Cover crops were once thought of as something very old farmers with a few acres flew on in the fall on rolling fields, just trying to save some soil. That goes as far back as the 1950s. Then in the 1980s, there was interest in using cover crops that would provide nitrogen for the next year's crop. Programs such as 'grow your own nitrogen' became buzz words. Hairy vetch was tested even in university trials at the University of Kentucky.
All the pieces weren't there yet, it seems. Hairy vetch was hard to kill, and if allowed to grow with corn, could choke out the corn. The decaying cover crops didn't always release nitrogen to the growing corn crop at the right time. And planting equipment available at the time didn't always do a perfect job getting good stands in dead cover.
The drive to establish cover crops is back, and this time it's stronger than ever. Farmers in Ohio, Indiana and Iowa all say it's a way to build up the soil. Besides protecting the soil in the winter, it's also say to capture nitrogen left over from the crop before it seeps away in tile lines during the winter and following spring. And it can help build healthier soil through deep rooting of some of the newer cover crops being tried, which include annual ryegrass and oilseed radishes.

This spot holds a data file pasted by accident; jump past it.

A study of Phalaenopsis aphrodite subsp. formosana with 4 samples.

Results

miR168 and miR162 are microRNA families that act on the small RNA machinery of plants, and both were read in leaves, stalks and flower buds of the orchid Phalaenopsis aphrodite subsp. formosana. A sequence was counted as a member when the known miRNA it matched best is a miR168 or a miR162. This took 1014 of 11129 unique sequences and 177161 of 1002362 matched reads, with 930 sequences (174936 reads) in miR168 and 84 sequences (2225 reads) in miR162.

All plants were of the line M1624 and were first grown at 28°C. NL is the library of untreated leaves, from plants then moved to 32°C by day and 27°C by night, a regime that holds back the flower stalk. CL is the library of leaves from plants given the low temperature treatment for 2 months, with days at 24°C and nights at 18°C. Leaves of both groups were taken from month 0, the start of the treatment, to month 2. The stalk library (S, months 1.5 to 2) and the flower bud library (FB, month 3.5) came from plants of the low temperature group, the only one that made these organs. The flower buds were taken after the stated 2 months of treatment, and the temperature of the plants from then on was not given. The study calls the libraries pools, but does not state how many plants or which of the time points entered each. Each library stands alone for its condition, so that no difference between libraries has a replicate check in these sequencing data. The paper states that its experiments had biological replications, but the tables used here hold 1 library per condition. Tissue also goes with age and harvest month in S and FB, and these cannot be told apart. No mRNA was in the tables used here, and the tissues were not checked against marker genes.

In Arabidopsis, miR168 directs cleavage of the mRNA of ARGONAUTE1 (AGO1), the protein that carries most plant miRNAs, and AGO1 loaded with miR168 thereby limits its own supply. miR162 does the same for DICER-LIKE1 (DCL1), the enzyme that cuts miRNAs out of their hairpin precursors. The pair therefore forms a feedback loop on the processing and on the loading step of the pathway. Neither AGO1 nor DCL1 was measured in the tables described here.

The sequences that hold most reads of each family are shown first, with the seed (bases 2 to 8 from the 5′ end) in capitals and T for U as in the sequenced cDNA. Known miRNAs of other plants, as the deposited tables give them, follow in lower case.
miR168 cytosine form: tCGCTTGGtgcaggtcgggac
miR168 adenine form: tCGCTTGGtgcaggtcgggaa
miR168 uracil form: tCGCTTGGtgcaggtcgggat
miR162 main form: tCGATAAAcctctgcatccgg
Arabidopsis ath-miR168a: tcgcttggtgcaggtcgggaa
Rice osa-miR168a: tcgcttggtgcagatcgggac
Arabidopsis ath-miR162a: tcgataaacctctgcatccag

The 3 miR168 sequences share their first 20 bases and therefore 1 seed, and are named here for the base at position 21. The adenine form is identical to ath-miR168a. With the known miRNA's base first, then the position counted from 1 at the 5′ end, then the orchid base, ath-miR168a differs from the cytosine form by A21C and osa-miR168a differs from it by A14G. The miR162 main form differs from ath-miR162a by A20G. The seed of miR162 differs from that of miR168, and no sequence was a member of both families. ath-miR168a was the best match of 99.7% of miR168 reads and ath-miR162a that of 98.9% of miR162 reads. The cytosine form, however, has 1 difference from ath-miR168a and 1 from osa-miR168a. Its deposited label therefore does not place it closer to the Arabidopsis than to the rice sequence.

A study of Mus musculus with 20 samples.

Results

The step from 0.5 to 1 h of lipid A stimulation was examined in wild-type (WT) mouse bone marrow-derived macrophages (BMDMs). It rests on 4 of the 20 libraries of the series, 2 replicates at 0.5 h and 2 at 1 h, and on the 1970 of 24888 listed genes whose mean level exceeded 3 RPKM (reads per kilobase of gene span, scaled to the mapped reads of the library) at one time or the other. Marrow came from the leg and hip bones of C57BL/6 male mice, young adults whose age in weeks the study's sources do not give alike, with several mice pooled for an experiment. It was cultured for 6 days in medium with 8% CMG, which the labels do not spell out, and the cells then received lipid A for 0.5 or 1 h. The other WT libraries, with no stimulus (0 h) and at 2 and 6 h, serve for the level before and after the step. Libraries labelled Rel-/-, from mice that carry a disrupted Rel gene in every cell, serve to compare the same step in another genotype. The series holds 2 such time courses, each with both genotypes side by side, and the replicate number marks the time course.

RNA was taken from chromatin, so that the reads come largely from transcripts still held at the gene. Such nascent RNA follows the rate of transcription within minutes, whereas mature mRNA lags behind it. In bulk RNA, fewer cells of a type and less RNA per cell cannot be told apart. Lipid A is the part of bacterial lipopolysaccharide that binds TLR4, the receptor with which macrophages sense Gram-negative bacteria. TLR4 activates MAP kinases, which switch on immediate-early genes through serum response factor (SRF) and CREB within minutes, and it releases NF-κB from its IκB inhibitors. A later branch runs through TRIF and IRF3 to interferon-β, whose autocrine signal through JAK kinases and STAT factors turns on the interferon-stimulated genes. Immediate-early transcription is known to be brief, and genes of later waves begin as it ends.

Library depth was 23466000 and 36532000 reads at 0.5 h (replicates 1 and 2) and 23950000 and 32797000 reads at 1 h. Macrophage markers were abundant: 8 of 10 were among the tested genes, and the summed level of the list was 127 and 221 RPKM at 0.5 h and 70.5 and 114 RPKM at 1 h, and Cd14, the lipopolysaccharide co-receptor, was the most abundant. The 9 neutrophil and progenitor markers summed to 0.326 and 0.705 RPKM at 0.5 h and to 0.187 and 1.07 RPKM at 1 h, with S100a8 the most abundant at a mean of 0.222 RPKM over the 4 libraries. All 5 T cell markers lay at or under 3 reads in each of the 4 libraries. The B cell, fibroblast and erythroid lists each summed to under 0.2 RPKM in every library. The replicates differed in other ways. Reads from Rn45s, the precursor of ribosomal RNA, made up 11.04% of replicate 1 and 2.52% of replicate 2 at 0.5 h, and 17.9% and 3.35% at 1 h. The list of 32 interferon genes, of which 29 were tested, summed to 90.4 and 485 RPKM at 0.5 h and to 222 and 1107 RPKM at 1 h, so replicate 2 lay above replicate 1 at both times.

There's still one obstacle today that some farmers say they've conquered, but others haven't. That's when and how to bring the cover crop down in the spring. Planting equipment can plant through dead residue, but getting the residue dead, especially if the cover crop is annual ryegrass, can still be a challenge, says Bill Johnson, Purdue University weed control specialist.That's probably another area where more answers will be needed if cover crops are finally going to earn their place to stay on a majority of farms. There is no question that on some large farms, even no-till farms, cover corps are already integrated and part of the secret to better soil conditions and higher yields. Getting those farmers to give up cover crops would be a big battle.